It appears that--perhaps--we are at the beginning of the end of the Reign of the LiturgyWonk. This 'beginning' started with the election of B-16, of course, but the momentum is gaining. And the gain is in the clear understanding of history, always easier to see from a distance than from up close.
...Future historians of liturgy may similarly wonder at the devotion of
many contemporary liturgists to the term “modern” in liturgical
discourse, be that in disparaging the purportedly non-participatory
nature of pre-modern liturgy; in rejoicing at the breakthroughs of
modernity in the enlightenment liturgies of the eighteenth century and
at its triumph in the liturgical reform following the most recent
Ecumenical Council; or in embracing the paths of radical inculturation
and deconstructive creativity down which postmodernity beckons the
Analogous observations in respect of theological and pastoral
discourse and practice are also possible. Whether we ought to or not,
whatever the discipline, far too often we consciously or subconsciously
default to defining ourselves and our theological, liturgical, and
pastoral initiatives and practices in relation to modernity....
(There are also analogues in contemporary political discourse, by the way.)
...for the Christian it is the person of Christ, God incarnate in human
history, the definitive revelation of the Father, who is pivotal and in
relation to whom we define ourselves. He, not the prevailing
philosophical fashion, is our reference....
In other words, there is Truth--and then there is all else. Choose carefully.
Now what does that have to do with the Liturgy?? Glad you asked!! See, there's a problem:
...Today, at the beginning of the twenty-first century, “modern” is modern
no longer: we have moved beyond modernity into the “post” modern era.
Where does that leave us? What does that mean for our modern liturgical
rites and practices as they approach their fiftieth birthdays? Are we
hastily to pension them off and hurry to create postmodern ones (if that
is even possible)? Are we to cling to the modern rites and their
attendant milieu uncritically and as tenaciously as some have clung to
the premodern rites? How and with what authority are we to proceed? Or
are we simply to descend into an ecclesial and liturgical subjectivism
which mirrors that of postmodern society?...
Dom Reid notes that Pius X's call for 'participation in the liturgy' was not, in any sense, founded on 'modernity.' Rather, it was founded on the antiquity and liceity of such participation, which had faded dramatically during the period between ~1600 and ~1900 AD. But 'participation' to Pius X did not mean translating to the vulgar, nor singing pops-derived ditties which wholesale replaced the parts of the Mass, like the Propers. (That, by the way, was imitation of the Lutherans, Calvinists, and eventually the degraded forms of Anglicanism.)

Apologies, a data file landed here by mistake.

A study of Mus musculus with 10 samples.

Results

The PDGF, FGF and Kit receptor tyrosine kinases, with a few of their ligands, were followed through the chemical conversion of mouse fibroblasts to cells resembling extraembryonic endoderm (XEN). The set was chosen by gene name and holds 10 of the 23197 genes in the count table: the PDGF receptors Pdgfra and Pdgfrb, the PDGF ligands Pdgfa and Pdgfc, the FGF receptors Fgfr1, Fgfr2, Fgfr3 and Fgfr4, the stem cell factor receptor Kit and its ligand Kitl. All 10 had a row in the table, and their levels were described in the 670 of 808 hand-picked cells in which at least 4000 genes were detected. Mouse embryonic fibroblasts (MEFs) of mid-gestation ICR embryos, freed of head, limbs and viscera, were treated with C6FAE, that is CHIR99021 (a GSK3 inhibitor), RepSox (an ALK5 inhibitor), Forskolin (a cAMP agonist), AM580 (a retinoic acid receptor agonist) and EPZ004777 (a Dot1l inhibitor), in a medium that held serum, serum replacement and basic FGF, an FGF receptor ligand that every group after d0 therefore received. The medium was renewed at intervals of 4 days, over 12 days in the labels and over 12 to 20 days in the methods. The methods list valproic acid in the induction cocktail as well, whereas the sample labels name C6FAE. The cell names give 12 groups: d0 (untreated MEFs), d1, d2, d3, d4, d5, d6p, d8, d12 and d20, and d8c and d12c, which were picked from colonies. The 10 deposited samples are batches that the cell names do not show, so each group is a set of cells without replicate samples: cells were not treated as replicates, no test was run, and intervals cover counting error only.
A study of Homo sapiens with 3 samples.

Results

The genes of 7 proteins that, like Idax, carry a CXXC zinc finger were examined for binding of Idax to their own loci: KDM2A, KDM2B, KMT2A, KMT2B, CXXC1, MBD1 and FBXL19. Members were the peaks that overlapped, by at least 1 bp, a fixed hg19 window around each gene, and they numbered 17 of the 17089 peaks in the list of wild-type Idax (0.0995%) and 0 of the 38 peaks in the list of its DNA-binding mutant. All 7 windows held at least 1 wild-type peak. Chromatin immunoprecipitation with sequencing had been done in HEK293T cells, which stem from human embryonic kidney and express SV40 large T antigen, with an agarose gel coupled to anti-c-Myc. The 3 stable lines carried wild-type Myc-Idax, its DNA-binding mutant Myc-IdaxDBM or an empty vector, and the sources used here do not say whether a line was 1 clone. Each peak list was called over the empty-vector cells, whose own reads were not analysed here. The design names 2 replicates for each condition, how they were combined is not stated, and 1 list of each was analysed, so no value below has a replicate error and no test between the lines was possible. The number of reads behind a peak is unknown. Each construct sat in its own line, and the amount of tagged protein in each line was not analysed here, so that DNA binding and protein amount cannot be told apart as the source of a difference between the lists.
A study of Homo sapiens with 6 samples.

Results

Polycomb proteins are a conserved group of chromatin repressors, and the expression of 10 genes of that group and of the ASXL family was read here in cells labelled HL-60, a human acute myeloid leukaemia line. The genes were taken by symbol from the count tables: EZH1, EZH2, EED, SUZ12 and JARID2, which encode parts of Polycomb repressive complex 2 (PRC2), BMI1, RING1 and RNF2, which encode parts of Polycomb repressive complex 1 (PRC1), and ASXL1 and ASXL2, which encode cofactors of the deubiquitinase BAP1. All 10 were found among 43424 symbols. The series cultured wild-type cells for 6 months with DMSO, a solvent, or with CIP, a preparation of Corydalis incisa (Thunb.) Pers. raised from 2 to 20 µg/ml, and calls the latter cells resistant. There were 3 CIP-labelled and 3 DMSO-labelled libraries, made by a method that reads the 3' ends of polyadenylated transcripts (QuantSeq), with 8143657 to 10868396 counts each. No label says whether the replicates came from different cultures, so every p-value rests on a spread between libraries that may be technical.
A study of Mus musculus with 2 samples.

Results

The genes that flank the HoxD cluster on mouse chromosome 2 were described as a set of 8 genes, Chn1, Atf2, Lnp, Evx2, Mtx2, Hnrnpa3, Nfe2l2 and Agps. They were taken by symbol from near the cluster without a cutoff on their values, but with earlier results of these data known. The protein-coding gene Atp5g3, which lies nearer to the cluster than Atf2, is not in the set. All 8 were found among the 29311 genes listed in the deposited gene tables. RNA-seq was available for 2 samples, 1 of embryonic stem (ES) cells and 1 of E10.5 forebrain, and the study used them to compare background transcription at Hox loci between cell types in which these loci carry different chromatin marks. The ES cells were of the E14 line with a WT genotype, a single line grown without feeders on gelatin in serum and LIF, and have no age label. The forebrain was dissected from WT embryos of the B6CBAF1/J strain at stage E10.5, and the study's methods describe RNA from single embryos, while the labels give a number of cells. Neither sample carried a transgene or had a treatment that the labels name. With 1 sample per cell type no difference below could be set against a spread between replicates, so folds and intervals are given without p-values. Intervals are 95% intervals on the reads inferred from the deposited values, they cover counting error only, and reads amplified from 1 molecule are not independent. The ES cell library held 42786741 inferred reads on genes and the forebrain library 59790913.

Instead, Reid proposes this:
...Authority acts authentically in regard to the Sacred Liturgy when it
acts in a manner that respects and is utterly consonant with its nature
so as to optimize the good of souls. We find this in the development
of the liturgy throughout history, whether that be in its gradual
development which authority witnesses and respects, or even in the
occasional but always proportionate introduction by authority of
elements into the rites, or even its similarly proportionate pruning of
them. So too this principle may be found in the repudiation of
inauthentic liturgical developments such as the sixteenth century
breviary of Cardinal Quignonez or of the eighteenth century Synod of
(This raises questions about the revisions of, e.g., Holy Week by Pius XII, who was certainly not a liturgy-lefty. So: if we accept his revisions as fitting within Reid's definition above, then what of the Order which wants (and by the way, claims the authority) to toss out those revisions?? Hmmmm???)
Moving on, Reid quotes someone who put his finger directly on the problem back in the 1920's:
...There is need for reform—but at which end shall the reformers start?
They have apparently attempted to cure the disease by removing those
symptoms only which appear on the surface. There can be no doubt—any
parish priest can verify this—that even to this day the prayer which is
offered up publicly is of a nature which is consonant with and produced
by the culture of the congregation....
And as has been correctly noted--repeatedly--Culture is downstream from Cult. This is not a circular argument, for The Cult is that which is preached first, and lived next. Somewhere along the line, the preaching dis-connected from the living, or the living detached itself from the preaching.
Then we got Bugnini, and you'll have to read the essay yourself to find out what went wrong there.